Could another seemingly obscure mosquito-borne disease that formerly existed mostly in Africa spread around the globe like the Zika virus?
Scientists say climate change increases that risk. With warming temperatures, mosquitoes carrying diseases are more abundant and are spreading to farther regions of the world. For journalists looking for stories about climate change and public health, infectious disease is a rich area for exploration.
Check out the work of researcher Amy Hartman, assistant professor at the University of Pittsburgh Center for Vaccine Research, who is studying a disease carried by mosquitoes known as Rift Valley fever.
“Zika caught much of the scientific community off guard, so we are trying to get ahead of the curve and learn what we can about Rift Valley fever,” said Hartman, who co-authored a December 2018 study on the virus’s ability to pass between pregnant rodents and their babies. “There is a lot that is unknown in the field” about the pathogen’s impact on the human body.
Rift Valley fever is named for a large geographic area in southeast Africa, where veterinarians first discovered the disease among livestock in Kenya. It often causes fetal death among domesticated animals, such as cattle, sheep, goats and camels. The pathogen is spread by the Aedes and Culex mosquitos and has spread throughout much of Africa, Madagascar, Saudi Arabia and Yemen.
Aedes mosquitos carry Zika, while the Culex mosquito carries West Nile disease. Both of these mosquito-borne diseases have been found in the U.S.
In Africa and the Middle East, Rift Valley fever has caused significant economic and trade disruptions in agriculture. An increasing number of people have been infected too. At least 183 people in Saudi Arabia, Yemen and African countries died from Rift Valley fever between 2000 and 2016, and hundreds of others have become ill, according to the U.S. Centers for Disease Control and Prevention. Most of those who became sick were individuals who worked with infected animals.
In 2015, the World Health Organization named Rift Valley fever as one of eight of the most threatening pathogens in the world (Zika also made the list) because they could cause a public health emergency and there are few medical countermeasures to treat the disease. The WHO identified Rift Valley and Zika as diseases that should be research priorities to spur investment in medical treatments and vaccines. There is no vaccine for Rift Valley fever.
Zika was declared a public health emergency in 2016 after it spread from Africa to the South Pacific to South America, Central America, the Caribbean and the U.S. The Zika virus can cause severe fetal anomalies and miscarriages in pregnant women. Rift Valley also causes miscarriage and death of young livestock.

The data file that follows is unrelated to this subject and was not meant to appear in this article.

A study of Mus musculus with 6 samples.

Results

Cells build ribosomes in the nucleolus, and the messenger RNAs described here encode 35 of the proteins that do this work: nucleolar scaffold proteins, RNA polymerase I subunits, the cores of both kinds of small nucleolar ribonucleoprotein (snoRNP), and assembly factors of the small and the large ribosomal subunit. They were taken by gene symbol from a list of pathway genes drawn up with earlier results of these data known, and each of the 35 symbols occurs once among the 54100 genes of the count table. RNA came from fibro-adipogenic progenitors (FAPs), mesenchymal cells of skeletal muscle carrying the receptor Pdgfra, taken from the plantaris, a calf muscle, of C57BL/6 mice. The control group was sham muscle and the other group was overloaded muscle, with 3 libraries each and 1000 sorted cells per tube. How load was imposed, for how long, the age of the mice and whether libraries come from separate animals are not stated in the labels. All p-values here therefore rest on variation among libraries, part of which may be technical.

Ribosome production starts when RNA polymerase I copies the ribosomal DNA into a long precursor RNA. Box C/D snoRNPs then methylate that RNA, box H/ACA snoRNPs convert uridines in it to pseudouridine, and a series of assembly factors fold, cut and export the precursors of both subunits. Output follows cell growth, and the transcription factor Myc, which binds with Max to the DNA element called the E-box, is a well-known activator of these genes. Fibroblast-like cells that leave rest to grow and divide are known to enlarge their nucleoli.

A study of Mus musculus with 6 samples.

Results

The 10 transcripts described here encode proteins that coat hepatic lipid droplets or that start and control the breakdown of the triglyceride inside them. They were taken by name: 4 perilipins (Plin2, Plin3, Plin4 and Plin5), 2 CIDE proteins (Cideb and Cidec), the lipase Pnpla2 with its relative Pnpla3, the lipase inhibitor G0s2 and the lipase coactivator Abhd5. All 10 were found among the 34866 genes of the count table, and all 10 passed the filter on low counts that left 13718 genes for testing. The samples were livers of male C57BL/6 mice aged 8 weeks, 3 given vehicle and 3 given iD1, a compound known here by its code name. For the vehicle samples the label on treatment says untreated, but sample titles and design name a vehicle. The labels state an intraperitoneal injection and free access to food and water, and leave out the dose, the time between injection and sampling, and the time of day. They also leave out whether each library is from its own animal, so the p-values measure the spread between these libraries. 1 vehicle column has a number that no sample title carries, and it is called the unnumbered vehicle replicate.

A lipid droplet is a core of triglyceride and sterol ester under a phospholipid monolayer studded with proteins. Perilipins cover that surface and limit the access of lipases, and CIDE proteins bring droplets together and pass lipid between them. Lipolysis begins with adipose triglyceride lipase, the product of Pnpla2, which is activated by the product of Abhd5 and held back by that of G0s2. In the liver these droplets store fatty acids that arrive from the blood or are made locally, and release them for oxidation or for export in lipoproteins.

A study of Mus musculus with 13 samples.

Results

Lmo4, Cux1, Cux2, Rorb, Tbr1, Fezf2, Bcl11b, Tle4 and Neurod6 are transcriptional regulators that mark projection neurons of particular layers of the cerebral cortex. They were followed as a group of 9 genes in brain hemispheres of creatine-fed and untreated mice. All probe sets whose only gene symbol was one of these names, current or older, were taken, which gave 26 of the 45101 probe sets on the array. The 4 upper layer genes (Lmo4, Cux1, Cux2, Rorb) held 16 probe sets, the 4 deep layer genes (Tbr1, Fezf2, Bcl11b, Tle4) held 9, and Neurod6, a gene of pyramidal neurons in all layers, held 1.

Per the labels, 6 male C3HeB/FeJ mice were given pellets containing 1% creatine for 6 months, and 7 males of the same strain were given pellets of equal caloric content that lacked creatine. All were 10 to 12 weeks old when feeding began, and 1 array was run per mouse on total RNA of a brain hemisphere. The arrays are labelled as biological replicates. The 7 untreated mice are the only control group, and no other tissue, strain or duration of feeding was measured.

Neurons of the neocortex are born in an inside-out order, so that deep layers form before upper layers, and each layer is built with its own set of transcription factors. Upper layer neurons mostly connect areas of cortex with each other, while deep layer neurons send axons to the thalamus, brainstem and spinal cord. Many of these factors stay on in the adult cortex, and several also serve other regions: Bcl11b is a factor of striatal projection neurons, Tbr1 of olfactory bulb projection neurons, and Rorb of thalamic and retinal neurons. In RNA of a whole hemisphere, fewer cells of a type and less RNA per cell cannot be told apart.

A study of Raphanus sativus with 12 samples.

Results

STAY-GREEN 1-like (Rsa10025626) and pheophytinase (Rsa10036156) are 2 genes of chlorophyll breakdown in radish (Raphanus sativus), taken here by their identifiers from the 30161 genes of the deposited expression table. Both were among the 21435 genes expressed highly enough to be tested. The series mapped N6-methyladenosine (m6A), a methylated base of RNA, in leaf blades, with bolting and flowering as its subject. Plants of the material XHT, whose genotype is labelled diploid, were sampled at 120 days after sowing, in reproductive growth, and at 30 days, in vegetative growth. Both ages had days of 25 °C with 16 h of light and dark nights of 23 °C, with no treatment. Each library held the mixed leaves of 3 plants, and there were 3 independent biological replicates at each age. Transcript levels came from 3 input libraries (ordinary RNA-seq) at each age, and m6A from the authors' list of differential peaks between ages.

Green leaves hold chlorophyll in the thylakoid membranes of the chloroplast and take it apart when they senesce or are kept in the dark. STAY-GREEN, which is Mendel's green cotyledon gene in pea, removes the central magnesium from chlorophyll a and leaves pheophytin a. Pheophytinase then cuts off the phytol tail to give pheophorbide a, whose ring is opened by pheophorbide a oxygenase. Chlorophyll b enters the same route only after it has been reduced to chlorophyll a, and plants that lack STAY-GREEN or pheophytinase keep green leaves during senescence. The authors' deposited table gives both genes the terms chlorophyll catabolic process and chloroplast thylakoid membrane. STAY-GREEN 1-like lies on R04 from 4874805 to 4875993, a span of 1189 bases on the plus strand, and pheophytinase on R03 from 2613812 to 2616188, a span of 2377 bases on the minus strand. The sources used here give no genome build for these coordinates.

“With the recent attention on Zika [and its impact on a fetus], we felt this was an important area to study,” Hartman said. “It is one that scientists hadn’t really looked at [with] Rift Valley before.”
Hartman’s team studied the Rift Valley fever virus in pregnant rats and found that the pathogen was able to evade the placenta’s defense mechanisms and damage the fetus.
“One of the most surprising things [we learned], was that the mothers had no clinical signs of disease and delivered their pups on time, but they were stillborn or died soon after,” Hartman said. “The biggest lesson for this study is that this virus has the [potential] to cause severe effects in people. When Rift Valley fever happens, pregnant women should be monitored closely.”
Though there have been no cases of Rift Valley fever in the U.S., climate change enables mosquitos like the Aedes mosquito to thrive. Aedes mosquitos carry not only Rift Valley fever, and Zika, but yellow fever, dengue fever and chikungunya.
For reporters who are interested in learning more about how researchers are preparing for climate change and infectious diseases, consider looking into studies, like Hartman’s, focused on mosquito-borne illnesses.
- AHCJ tip sheet: Fast facts on vector-borne diseases (October 2017)
- AHCJ tip sheet: Watching – and covering – emerging diseases (October 2017)
- Centers for Disease Control: Rift Valley fever resource page
- World Health Organization: Rift Valley fever information page
- Washington Post: How a tiny mosquito became one of the world’s worst killers (February 2016)
- New York Times: U.S. becomes more vulnerable to tropical diseases like Zika (January 2016)
- Center for Health Journalism: Hotter weather facilitates diseases outbreaks (July 2013)
- To reach Amy Hartman and other researchers at University of Pittsburgh’s Center for Vaccine Research, contact Erin Hare at 412-864-7194 or email@example.com.